AFP – Asian markets rallied on Monday as fears of an attack on Syria receded after the United States and Russia agreed a deal for the Assad regime to give up its chemical weapons.
Buying was also boosted and the dollar was lower after Larry Summers, the hawkish former treasury secretary was tipped to be named Ben Bernanke’s successor as Fed chairman, withdrew from the race.
Trade remained cautious, however, before a two-day meeting at the US Federal Reserve at which policymakers are expected to begin winding down the bank’s stimulus programme.
Hong Kong climbed 1.47%, or 337.13 points, to 23,252.41 while Sydney ended 0.54% higher, adding 28.4 points to 5,248.0. Seoul finished up 0.96%, or 19.05 points, at 2,013.37.
However Shanghai eased 0.22%, or 4.82 points, to 2,231.40 on profit-taking after last week’s healthy gains.
Tokyo and Kuala Lumpur were closed for public holidays.
Traders were given a strong cue from Wall Street Friday, where the Dow rose 0.49%, the S&P 500 put on 0.27 % and the Nasdaq advanced 0.17%.
Damascus said at the weekend it would commit to a plan to eradicate its chemical weapons after a deal brokered by Russia and the United States that may avert a threatened attack by US forces.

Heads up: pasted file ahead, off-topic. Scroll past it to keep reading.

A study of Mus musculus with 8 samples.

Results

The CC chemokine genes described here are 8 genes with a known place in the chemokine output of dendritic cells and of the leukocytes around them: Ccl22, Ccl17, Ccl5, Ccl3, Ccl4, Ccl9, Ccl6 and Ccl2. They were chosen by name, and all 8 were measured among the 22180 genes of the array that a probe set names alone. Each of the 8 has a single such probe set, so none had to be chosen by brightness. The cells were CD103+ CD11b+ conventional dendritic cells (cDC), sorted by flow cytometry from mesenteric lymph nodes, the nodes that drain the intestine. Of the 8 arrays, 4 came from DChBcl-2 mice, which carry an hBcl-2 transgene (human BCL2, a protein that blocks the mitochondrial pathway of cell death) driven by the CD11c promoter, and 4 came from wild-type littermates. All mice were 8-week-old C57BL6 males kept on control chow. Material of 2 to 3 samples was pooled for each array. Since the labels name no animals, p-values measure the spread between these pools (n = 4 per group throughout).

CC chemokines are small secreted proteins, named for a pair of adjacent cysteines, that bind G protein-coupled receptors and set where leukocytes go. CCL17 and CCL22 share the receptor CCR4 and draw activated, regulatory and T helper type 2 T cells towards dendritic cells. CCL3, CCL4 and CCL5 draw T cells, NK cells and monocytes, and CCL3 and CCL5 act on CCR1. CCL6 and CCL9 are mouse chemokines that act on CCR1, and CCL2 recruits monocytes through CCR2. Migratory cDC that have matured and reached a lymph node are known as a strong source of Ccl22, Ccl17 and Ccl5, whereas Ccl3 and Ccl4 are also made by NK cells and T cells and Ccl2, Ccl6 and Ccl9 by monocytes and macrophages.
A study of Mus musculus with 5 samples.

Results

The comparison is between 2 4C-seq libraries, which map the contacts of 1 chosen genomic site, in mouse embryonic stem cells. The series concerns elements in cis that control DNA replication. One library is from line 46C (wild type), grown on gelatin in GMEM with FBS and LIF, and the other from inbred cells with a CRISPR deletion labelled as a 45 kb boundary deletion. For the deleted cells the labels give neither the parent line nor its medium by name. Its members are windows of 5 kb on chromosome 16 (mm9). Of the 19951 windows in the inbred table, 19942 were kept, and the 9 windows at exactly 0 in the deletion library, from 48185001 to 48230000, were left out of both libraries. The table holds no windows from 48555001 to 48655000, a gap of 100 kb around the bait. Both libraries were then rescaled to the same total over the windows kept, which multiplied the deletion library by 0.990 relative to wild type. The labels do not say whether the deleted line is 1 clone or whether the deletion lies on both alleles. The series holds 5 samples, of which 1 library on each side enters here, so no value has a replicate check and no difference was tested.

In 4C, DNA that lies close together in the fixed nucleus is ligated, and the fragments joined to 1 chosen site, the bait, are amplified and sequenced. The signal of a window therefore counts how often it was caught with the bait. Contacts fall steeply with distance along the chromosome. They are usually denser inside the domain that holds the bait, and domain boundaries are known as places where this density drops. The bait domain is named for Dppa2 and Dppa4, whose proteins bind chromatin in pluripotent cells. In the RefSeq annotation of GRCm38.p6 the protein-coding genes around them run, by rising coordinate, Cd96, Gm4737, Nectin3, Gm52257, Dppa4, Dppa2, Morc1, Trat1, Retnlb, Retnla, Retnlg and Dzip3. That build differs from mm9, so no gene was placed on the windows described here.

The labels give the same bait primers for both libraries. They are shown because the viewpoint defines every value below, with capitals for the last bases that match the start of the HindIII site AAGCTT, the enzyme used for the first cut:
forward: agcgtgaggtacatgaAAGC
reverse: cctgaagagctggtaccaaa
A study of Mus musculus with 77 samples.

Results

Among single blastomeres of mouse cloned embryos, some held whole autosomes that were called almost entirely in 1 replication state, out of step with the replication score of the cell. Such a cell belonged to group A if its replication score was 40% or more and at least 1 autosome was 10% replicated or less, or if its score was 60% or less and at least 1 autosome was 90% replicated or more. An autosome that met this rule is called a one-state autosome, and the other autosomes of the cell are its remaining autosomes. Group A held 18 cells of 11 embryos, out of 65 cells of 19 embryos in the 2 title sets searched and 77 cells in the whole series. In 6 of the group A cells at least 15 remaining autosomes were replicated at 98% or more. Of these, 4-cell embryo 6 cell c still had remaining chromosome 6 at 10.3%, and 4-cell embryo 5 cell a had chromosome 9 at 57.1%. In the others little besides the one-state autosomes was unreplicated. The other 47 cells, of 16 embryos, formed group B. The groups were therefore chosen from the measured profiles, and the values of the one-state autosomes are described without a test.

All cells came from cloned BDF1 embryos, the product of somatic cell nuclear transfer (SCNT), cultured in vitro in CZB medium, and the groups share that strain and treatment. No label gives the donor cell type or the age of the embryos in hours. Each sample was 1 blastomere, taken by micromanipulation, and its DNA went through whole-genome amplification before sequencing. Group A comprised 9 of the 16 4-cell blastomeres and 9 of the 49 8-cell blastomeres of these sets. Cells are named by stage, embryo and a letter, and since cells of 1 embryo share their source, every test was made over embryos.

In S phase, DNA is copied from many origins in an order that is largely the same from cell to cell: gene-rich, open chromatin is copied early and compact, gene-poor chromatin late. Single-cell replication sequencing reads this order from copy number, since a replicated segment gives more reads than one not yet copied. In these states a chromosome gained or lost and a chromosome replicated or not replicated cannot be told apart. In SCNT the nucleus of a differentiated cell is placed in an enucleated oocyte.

US Secretary of State John Kerry and his Russian counterpart Sergei Lavrov announced the deal Saturday that provides for Syria’s toxic arsenal to be destroyed by mid-2014.
Global markets were sent into a tailspin last month on expectations of a US-led strike that fuelled fears of a wider conflict in the Middle East.
Attention this week is on Washington and the Fed’s plans for its $85 billion a month bond-buying scheme. With most economists betting the bank will announce a reduction of its purchases, the key issue is how quickly and by how much it will “taper”.
Markets were taken somewhat by surprise after Summers decided to withdraw from the race to become the next Fed boss, citing fears of an “acrimonious” confirmation process.
The two other top contenders for the post – vice chair Janet Yellen and former vice chair Donald Kohn – were architects of the Fed’s bond-buying and supporters of the approach laid out by Bernanke. Summers was considered more hawkish towards the so-called quantitative easing scheme.
“Markets will take confidence from the view that a Yellen Fed is unlikely to put much pressure on economic growth rates by withdrawing monetary stimulus too soon,” Ric Spooner, chief market analyst at CMC Markets, told Dow Jones Newswires.
In afternoon forex trade the dollar bought 98.72 yen compared with 99.39 yen Friday.
The euro was at $1.3359 compared with $1.3292 late Friday, while it sat at 131.96 yen, compared with 132.11.
On oil markets New York’s main contract, West Texas Intermediate for delivery in October, eased 51 cents to $107.70. Brent North Sea crude for November declined 55 cents to $111.15.
Gold was $1,316.10 an ounce at 1030 GMT compared with $1,314.40 late Friday.